India and Saudi Arabia on Sunday came out strongly against terrorism, as they called on countries to reject the use of terrorism against others, dismantle terrorism infrastructure and cut off any kind of support and financing to terrorists operating against others.
While Indian officials said the statement was an oblique reference to Pakistan, Saudi officials felt that it was indirectly aimed at Iran, as it feels that Tehran is behind sectarian tension in the Saudi kingdom in recent months. Both sides chose to read the joint statement from their own perspective.
The statement was the result of the “shared perception on terrorism”, Indian officials said, after an extensive meeting between Prime Minister Narendra Modi and Saudi King Salman bin Abdulaziz for about three hours at the royal palace. Later, Modi met the Crown Prince and Interior Minister Mohammed bin Naif and the Deputy Crown Prince and Defence Minister Mohammed bin Salman.
The two sides also signed five agreements, which encompassed terror financing, bilateral investment promotion, welfare of Indian workers, preservation of heritage and standardisation of products. However, the highlight of the joint statement was the paragraphs on terrorism. Saudi Arabia became the second country in the Gulf region — after the UAE — which came out strongly against terrorism in the last one year.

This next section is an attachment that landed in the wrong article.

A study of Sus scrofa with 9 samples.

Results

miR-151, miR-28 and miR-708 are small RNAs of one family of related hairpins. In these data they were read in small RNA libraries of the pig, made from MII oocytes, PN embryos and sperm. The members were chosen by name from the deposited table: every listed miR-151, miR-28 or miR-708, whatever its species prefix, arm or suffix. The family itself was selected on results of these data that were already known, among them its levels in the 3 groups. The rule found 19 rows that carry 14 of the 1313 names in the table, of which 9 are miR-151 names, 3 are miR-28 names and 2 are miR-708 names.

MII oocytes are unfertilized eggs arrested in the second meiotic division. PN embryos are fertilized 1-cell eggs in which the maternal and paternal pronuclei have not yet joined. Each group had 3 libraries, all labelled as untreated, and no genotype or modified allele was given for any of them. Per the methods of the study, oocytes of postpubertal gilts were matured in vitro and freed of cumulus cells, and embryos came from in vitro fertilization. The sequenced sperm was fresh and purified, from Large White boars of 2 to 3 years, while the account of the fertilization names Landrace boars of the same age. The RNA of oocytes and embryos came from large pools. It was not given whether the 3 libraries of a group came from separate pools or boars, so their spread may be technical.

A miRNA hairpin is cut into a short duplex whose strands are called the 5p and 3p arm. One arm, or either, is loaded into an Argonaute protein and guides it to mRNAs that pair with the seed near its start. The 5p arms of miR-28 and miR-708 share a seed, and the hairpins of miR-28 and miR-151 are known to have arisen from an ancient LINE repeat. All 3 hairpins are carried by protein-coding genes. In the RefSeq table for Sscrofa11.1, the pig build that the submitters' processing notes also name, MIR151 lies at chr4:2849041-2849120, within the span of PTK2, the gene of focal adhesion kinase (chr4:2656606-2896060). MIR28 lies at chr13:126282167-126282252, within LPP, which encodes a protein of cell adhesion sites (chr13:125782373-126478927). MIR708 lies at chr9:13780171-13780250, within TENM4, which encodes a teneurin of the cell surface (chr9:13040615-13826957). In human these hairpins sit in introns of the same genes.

The joint statement, which had five extensive paragraphs on terrorism instead of the rudimentary mention of terrorism in the past, said, “They called on all states to reject the use of terrorism against other countries; dismantle terrorism infrastructures where they happen to exist and to cut off any kind of support and financing to the terrorists operating and perpetrating terrorism from their territories against other states; and bring perpetrators of acts of terrorism to justice.”
The two leaders directed their agencies to coordinate efforts to counter radicalisation and “misuse of religion by groups and countries for inciting hatred, perpetrating and justifying terrorism for pursuing political aims”.
While the Indian side perceived this as hinting towards Pakistan, a Saudi official told The Indian Express, “We are glad that India has understood our position on terrorism emanating out of Iran.” Ministry of External Affairs Secretary (economic relations) Amar Sinha said, “The key part in the joint statement is the shared perception of terrorism. They have moved substantially because of the threat on them.”
Officials said the Saudi kingdom was supportive of the Comprehensive Convention on International Terrorism (CCIT), a long pending Indian demand at the global level, for the time although the “i’s need to be dotted, t’s need to be crossed”. In this context, India and Saudi Arabia on Sunday signed a crucial pact on financial intelligence-sharing on money laundering and terrorism financing.